An exit is on the way for one of Silicon Valley's highest-profile minotaurs, as Lyft filed today for an IPO.

By the numbers, via Axios' Kia Kokalitcheva: In 2018, Lyft had $8.1 billion in bookings, $2.2 billion in revenue, $911.3 million in losses, and more than 1 billion total rides. It had 30.7 million riders and 1.9 million drivers. Lyft roughly doubled its revenue per rider over the past 2 years, from $18.53 to $36.04. The share of ride revenue Lyft keeps has grown over time, hitting 28.7% in Q4 2018.

Between the lines: Here's what the IPO means big picture for other ride-hailing companies, employment practices in the business, driverless cars, the environment and for Lyft moving forward.

  1. Other ride-hailing companies: There's finally a public competitor for them to be compared to. It was probably smart for Lyft to go before Uber so that it doesn't have to get compared to a global giant, Kia notes.
  2. Lyft's long-term drivers will get bonuses allowing them to buy in at the IPO. (Uber is also expected to do this.) This might be a good brand loyalty or PR stunt exercise, but it doesn't solve the age-old question of whether drivers should be independent contractors or company employees, Kia writes.
  3. Driverless cars: Autonomy is key to profitability for Uber and Lyft, as it lowers the cost per mile and makes ride-hailing more affordable, driving up demand, Axios' Joann Muller notes. Lyft's S-1 says to expect some AVs within 5 years, with a majority of trips by driverless cars within 10.
  4. Environment: A big challenge for urban policymakers will be trying to ensure that ride-hailing's growth doesn't cannibalize enough mass-transit trips to send urban transport emissions upwards, Axios' Ben Geman notes.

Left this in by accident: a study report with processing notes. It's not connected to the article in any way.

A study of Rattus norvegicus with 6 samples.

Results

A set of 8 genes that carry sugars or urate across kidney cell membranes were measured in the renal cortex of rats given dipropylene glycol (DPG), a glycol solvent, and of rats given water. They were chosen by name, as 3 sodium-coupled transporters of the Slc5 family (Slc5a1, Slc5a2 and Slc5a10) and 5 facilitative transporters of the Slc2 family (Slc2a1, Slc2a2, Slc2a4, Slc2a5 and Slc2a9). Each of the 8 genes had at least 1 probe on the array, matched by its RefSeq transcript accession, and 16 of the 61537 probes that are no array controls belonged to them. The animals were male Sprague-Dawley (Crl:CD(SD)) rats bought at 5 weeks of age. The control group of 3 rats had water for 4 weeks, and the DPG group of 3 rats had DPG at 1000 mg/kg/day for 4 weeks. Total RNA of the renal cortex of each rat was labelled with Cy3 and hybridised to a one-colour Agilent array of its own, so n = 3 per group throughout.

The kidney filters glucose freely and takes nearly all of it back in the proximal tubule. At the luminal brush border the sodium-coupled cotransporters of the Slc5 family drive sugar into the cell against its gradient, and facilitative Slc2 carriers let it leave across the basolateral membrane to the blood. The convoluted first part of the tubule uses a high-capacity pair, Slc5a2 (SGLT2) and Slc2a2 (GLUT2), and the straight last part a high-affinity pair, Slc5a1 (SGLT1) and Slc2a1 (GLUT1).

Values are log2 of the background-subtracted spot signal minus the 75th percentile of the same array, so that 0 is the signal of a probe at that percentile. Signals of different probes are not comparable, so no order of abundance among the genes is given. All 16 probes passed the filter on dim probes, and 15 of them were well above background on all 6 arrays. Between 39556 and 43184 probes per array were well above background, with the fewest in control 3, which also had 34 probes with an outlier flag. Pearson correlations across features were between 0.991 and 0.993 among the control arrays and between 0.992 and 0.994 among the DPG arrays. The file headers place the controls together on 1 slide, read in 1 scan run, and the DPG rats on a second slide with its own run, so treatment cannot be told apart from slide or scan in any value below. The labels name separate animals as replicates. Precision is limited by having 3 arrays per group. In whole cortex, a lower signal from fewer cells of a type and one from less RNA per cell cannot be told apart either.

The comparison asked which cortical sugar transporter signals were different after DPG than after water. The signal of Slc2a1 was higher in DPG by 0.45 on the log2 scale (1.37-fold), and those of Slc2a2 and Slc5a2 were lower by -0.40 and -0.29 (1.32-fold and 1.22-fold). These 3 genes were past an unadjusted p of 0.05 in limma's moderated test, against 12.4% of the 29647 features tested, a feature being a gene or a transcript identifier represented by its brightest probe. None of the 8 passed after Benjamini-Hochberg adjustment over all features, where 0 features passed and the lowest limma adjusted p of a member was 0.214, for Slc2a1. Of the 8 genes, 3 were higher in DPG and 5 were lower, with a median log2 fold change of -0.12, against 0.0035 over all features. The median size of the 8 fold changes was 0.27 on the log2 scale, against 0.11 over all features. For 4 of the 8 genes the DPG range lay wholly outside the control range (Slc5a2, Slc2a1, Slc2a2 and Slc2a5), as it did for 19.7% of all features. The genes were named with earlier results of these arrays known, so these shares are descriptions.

5. P.S. When ride-hailing companies go public, that will open them up to shareholder activism and pressure on climate change — the sort that's increasingly leading to new disclosures and policy steps by oil companies and recently one of the world's biggest coal companies, Ben notes.

Go deeper

Andrew Cuomo refuses to resign: "I never touched anyone inappropriately"

Photo: Matthew Cavanaugh/Getty Images

New York Gov. Andrew Cuomo announced on Tuesday that he will not resign from his post, despite an independent investigation finding that he sexually harassed multiple women in violation of federal and state law.

Why it matters: Cuomo had previously urged those calling for his resignation — including nearly every prominent New York Democrat — to wait for the results of the investigation overseen by New York Attorney General Letitia James. The findings were damning, but Cuomo said he is not going anywhere.

New York AG finds Cuomo sexually harassed women, violated state and federal law

Photo: Spencer Platt/Getty Images

An independent investigation found that New York Gov. Andrew Cuomo sexually harassed multiple women, including employees in his office, in violation of state and federal law, New York Attorney General Letitia James announced Tuesday.

Why it matters: Cuomo, who has denied wrongdoing and urged critics to wait for the results of the independent inquiry, will now face renewed pressure to resign. He must also determine whether he will continue his 2022 re-election campaign.


New York City will require proof of vaccination to participate in indoor activities, including visiting gyms and restaurants, Mayor Bill de Blasio announced Tuesday.

Why it matters: The mandate is the first of its kind for a major U.S. city, according to de Blasio. France and Italy announced similar requirements last month.